Gold was first found on Tarryall Creek in the summer of 1859. Rumors of the discovery soon brought hordes of prospectors. But the original discoverers had quickly staked all worthwhile claims and armed guards "encouraged" the late comers to move on. The disgruntled new-comers derided the claim holders, dubbing the camp as Grab-All, and moved on westward to the Middle Fork of the South Platte river.
There in August 1859, gold was discovered in the channels and margins of the river. As soon as the new strike was rumored through the camps, gold seekers swarmed in and a substantial log-cabin town began.
The leader of the discovering party was Jim Reynolds, who later, with his brother John, led the far-famed Reynolds gang of hiwaymen who operated all over South Park to Canon City, Leadville, and Denver.
Jim Reynolds confined each man's claim to no more than what could be worked says mine history. This camp will not be another grab-all, he swore. Every man is going to have his fair play. The camp soon became known as Fairplay. And for over 100 years the camp with the inviting romantic name has endured the mining booms and depressions. Fairplay, the county seat and the largest town in the county is a thriving, prosperous town, and a favorite stop on tourist itineraries.
The town of Fairplay suffered a devastating fire in 1873 and a large part was destroyed, but reconstruction soon followed. A man named Matthew McLaughlin had been prospecting in the area, but to no avail. He was born in Clark, Ohio in 1833 and his experience with horses was quite extensive. He decided to construct a large barn to supply the need for the hauling from the mines, freight, and people via stagecoach, as well as renting horses for riding and other purposes.
With financial assistance from a Mr. Hall, the McLaughlin Livery & Stable was constructed. It was a large two-story building with adequate space for many animals and a goodly supply of feed.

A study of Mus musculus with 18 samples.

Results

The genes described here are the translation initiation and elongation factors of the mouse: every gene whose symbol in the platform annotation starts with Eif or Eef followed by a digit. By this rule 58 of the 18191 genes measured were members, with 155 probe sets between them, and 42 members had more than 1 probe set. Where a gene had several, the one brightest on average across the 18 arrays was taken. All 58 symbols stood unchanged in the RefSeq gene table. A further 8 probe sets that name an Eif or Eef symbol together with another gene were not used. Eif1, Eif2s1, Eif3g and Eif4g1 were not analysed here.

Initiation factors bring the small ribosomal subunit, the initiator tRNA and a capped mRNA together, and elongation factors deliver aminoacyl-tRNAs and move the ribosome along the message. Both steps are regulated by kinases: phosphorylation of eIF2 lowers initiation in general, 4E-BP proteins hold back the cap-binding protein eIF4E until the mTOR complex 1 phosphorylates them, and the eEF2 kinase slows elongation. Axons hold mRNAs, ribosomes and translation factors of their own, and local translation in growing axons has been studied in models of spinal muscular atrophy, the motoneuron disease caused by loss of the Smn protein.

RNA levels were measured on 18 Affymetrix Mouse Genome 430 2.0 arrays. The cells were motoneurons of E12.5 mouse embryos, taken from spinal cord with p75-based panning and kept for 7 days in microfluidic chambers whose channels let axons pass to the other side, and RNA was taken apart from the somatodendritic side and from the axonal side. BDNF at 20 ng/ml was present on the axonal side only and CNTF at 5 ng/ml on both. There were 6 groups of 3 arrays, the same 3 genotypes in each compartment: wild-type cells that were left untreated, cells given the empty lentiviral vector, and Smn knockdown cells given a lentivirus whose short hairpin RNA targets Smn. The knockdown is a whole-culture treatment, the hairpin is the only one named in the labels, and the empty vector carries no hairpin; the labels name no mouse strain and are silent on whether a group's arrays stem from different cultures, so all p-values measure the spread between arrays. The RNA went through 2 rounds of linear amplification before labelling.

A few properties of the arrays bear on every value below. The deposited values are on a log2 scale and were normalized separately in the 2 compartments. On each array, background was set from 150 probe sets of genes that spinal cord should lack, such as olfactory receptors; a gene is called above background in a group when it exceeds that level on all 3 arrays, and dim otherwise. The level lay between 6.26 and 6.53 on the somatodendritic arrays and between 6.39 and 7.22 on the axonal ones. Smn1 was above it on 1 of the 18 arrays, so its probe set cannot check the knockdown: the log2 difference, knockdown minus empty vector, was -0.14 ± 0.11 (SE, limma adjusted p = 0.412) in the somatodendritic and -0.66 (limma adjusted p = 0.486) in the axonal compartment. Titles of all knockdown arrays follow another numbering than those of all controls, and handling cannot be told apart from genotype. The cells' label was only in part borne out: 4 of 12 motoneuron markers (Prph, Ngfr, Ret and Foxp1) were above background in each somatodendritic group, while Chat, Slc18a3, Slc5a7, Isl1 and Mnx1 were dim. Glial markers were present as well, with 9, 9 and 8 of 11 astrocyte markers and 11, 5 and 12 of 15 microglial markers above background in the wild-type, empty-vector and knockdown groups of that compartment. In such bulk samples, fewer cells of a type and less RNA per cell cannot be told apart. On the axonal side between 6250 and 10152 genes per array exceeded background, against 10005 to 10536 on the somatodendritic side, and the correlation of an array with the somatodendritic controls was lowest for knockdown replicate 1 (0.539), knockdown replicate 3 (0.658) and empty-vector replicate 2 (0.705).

Records reveal that charges for supplies and services in those times were quite reasonable.
A horse and buggy to Alma $2
A team and buggy to Hartsel $5
Saddle horse to Leadville 35¢
Team to Como $4
Team fed and kept overnight 75¢
Passenger fares to depot 25¢
Shoe your horse 35¢
There were many exciting events over the years; one that has not been forgotten is as follows: Naturally, there was quite a quantity of animal feed on hand to care for the large number of animals. Well, there was a large room where grain was kept and the door was to be kept closed at all times. Someone left the door open one evening and a steer entered and proceeded to feast on the grain. When discovered, the call for HELP was sounded. It was decided that the most convincing way to get the steer out was to give it a "nudge" when necessary with a pitchfork. Two helpers went into the room and several remained outside the door. The steer, motivated by the pitchforks, took off up the stairway to the barn's loft and ended up on the roof. The roundup ended when the steer decided to become "airborne" and it ended up on Front Street - none the worse for the experience.
The Military Militia held a meeting in the offices one time, but the minutes of that meeting have been misfiled.
The first telegraph office was housed in the McLaughlin Livery Barn.
Matthew McLaughlin married Jeannie Pumphrey who was born in Jackson, Mississippi and they lived in downtown Fairplay. A magnificent pump organ was a wedding gift from Matthew to Jenney in June of 1877, and is now in the home of his great-great granddaughter in Longmont, Colorado. The organ is still in working condition if you have the leg power to pump it. They had a daughter, Alice, and two sons, Paul and George. They left Park County when the mining industry fell on hard times and moved to Rifle, Colorado.